The world of British comedy boasts numerous legends whose contributions have left an indelible mark on the industry. Bob Grant, whose real name was Robert St Clair Grant, stands tall among these stalwarts. Born on April 14, 1932, in West London, he embarked on an illustrious career that began in the 1950s and spanned multiple platforms.
Climbing the Ladder of Success
Bob’s early life was colored with experiences that perhaps set the stage for his later iconic role. Training at the esteemed Royal Academy of Dramatic Art, he explored various jobs in his nascent days, including stints as a frozen food salesman and, interestingly, a bus driver.
However, the screen world beckoned, and it was the sitcom ‘On The Buses’ that catapulted him to nationwide fame. From 1969 to 1973, audiences across Britain were regaled with the antics of the cheeky bus conductor Jack Harper, portrayed with aplomb by Bob Grant. His association with the show wasn’t limited to acting. Alongside co-star Stephen Lewis, he donned the writer’s hat, penning 11 episodes and a special episode.
This comedy series, which became a household favorite, was further immortalized in the form of three movies – On the Buses (1971), Mutiny on the Buses (1972), and Holiday on the Buses (1973).
Beyond the Buses: Exploring Other Avenues
Bob’s talent wasn’t confined to playing Jack Harper. Though he faced typecasting challenges post the success of ‘On The Buses,’ his versatility saw him venturing into radio and theatre. One of his notable theatrical expeditions was a tour in Australia with No Sex Please, We’re British. Moreover, the realm of musicals and pantomimes witnessed his compelling presence.
In the world of radio, Bob’s portrayal of a title role in John Arden’s adaptation of Don Quixote on BBC was highly acclaimed. His partnership with Bernard Cribbins, who played Sancho Panza, was particularly noteworthy. Not stopping there, he garnered accolades for his role in The Red Telephone Box, a Ken Whitmore comedy thriller, and showcased his adaptability with Shakespeare’s The Winter’s Tale for the Birmingham Repertory Theatre.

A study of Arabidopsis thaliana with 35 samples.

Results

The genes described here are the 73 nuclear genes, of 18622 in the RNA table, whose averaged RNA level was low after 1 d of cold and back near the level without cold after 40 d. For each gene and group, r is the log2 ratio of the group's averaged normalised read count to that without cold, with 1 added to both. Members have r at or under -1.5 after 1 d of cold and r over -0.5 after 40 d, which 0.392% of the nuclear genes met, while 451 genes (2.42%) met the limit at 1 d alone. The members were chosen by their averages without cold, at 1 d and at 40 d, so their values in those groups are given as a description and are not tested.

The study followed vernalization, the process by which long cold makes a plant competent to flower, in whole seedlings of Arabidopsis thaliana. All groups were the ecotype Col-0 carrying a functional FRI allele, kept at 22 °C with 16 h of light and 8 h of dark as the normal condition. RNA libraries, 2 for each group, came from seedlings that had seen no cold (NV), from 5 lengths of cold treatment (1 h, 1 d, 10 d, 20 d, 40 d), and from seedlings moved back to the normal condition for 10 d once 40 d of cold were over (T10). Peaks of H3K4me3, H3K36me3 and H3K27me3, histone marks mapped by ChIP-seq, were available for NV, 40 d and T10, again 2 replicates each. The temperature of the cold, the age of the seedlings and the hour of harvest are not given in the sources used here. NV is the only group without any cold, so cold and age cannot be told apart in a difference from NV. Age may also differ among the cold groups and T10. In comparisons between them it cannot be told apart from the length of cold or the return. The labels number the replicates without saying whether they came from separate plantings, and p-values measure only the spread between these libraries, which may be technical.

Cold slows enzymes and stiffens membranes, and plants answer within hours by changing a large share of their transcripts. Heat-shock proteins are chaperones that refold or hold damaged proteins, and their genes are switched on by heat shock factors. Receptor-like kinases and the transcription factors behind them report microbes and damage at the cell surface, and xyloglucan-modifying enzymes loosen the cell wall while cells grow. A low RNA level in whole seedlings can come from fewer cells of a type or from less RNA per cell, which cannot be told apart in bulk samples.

Bob’s Personal Tapestry
Bob’s personal life was as richly textured as his professional journey. He exchanged vows thrice over his lifetime. Jean Hyett was his first spouse in 1954. Following their separation, he entered into matrimony with Christine Sally Kemp in 1962. However, it was his third marriage, to Kim Benwell in 1971, that coincided with the zenith of ‘On The Buses’. The wedding saw massive attention, with fans thronging the streets. To celebrate Bob’s iconic role, a double-decker bus was arranged for the wedding guests, a fitting tribute to his comedy legacy. This union with Kim was to last until his sad departure in 2003.
How Did Bob Grant Die?
Despite the laughter he spread, Bob grappled with personal demons. He battled depression, a shadow that loomed large over his life. This internal struggle culminated in a heart-wrenching finale when Bob, at the age of 71, ended his life in 2003. This marked the end of a chapter in British comedy, a void that remains hard to fill.
Bob Grant’s journey, filled with monumental professional highs and profound personal lows, is a testament to the multifaceted nature of human existence. While he will always be remembered for his infectious humor and iconic roles, his life underscores the importance of understanding and addressing mental health. Through the lens of Bob’s life, we are reminded of the joys and sorrows that weave the complex tapestry of existence.